Spain’s shaky banks, the country’s indebted regional governments and Madrid’s plans for helping them have pushed up its borrowing costs to unsustainable levels.
Spain reportedly plans to issue new government bonds to raise the money it needs. That would increase its debts, which are already causing concern to the financial markets and European officials.
The amount of interest Spain is having to offer to get investors to buy its bonds that mature in 10 years time is near 6.5 percent, perilously close to the levels that led to bailouts in Greece, Portugal and Ireland.
Investment banker Enrique Quemadan of One to One Capital Partners in Madrid said borrowing cost have rocketed due to fears about Spain’s financial system but the government is forcing financial institutions to do what they should have done four years ago.
He added: “In 2008, the US and British governments fixed the financial systems there by injecting public money into banks. Now finally Spain’s doing the same, banks are being nationalised, which is positive, but we have a shock from the impact we should have had years ago.”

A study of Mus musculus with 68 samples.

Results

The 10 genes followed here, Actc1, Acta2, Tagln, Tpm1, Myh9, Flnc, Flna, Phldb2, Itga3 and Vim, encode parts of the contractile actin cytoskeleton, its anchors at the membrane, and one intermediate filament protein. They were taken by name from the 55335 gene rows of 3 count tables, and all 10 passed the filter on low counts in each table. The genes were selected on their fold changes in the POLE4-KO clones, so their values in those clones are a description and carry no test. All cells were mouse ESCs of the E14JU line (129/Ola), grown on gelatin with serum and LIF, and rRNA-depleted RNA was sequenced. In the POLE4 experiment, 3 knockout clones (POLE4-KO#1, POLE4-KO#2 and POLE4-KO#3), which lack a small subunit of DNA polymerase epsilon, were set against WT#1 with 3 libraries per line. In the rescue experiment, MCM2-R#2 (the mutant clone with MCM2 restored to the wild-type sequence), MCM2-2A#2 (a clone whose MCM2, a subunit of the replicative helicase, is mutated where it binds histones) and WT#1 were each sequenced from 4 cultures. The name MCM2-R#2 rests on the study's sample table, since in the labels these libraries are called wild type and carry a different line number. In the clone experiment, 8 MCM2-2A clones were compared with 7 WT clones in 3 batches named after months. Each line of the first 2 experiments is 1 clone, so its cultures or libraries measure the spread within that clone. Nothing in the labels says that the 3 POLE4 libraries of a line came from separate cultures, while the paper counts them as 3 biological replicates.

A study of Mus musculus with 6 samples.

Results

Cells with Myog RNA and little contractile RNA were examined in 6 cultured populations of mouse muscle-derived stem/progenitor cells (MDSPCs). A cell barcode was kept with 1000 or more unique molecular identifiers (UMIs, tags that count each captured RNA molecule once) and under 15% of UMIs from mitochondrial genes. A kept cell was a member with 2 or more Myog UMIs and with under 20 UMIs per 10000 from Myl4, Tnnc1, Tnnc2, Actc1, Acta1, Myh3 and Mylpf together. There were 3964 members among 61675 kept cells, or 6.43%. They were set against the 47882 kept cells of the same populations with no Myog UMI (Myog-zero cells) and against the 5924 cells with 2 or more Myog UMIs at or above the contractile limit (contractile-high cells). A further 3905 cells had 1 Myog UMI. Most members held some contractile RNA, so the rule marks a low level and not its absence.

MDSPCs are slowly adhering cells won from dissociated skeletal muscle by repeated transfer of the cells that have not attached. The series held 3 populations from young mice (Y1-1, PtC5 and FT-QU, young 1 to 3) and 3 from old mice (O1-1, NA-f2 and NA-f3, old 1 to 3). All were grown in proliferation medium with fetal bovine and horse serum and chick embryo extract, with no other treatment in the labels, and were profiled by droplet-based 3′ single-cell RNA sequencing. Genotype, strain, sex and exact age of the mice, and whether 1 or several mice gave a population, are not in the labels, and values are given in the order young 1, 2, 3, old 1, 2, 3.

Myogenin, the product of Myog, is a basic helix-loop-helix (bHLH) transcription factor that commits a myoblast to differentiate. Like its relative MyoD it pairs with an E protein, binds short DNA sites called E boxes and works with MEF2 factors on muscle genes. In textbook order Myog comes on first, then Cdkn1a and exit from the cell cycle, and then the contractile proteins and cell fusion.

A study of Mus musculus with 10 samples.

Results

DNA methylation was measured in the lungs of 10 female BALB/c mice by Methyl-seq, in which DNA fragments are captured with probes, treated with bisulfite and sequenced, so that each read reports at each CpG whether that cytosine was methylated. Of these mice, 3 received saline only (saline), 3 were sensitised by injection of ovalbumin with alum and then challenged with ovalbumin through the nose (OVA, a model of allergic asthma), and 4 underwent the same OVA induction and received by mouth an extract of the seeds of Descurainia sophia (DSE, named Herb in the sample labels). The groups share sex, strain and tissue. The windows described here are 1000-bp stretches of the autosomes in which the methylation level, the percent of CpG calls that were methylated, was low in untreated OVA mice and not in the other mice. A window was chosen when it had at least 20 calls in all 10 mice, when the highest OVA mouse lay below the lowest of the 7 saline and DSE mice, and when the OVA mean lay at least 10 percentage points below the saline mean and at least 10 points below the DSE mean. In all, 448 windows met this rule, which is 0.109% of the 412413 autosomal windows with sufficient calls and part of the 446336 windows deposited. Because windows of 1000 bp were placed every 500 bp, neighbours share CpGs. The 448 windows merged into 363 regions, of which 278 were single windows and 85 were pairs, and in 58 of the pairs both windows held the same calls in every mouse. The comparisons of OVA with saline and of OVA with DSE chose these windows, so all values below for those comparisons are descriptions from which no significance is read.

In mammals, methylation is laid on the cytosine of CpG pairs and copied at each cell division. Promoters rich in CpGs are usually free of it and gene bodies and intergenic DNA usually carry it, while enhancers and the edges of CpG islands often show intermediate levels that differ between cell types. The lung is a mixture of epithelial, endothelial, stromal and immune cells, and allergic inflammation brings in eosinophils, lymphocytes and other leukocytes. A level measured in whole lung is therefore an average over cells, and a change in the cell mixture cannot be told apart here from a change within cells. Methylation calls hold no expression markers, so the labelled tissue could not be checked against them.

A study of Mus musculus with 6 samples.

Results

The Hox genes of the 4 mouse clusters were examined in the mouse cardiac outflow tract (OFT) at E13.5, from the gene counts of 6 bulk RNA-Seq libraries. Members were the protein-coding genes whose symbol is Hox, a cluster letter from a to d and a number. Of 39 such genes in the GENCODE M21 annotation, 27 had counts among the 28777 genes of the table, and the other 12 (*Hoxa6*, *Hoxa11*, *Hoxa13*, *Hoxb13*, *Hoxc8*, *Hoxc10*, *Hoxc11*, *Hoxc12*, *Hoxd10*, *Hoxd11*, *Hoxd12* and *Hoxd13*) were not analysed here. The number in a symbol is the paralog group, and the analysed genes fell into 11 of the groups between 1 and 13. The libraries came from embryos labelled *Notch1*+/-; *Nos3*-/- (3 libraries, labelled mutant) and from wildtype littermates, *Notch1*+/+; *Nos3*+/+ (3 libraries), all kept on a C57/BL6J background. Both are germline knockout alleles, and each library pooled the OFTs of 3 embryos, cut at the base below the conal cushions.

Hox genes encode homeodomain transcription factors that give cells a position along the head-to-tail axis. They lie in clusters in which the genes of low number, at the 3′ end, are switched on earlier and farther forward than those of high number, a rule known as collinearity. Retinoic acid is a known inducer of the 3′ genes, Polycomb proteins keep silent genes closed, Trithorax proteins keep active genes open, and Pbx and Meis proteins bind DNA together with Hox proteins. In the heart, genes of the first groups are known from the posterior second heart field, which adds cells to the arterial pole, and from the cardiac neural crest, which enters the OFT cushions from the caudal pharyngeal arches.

Bankia is the most troubled. In 2011 it announced the second biggest banking loss in Spanish history – despite paying its top bosses 22 million euros.
But how much of a mess the others are in will not be known until audits are completed next month.
Spain has insisted it does not need external funds to bail out its banks despite the dire state of the economy.
Prime Minister Rajoy said on Monday: “There will not be any (European) rescue for the Spanish banking system. Our problem is the accumulated monumental debt we Spaniards have at this time and it’s that debt that we have to refinance, which is difficult at this time.”
Brussels would have to approve whatever Madrid does to help the banks and the regions. On Tuesday the European Commission said it has not received details of what the Spanish government intends to do.
Spain has been hoping the European Central Bank would help by restarting its dormant bond-buying programme or with more long-term loans to banks
But ECB policymaker Ewald Nowotny said on Tuesday that had not been discussed and it was up to national governments to rescue their banks.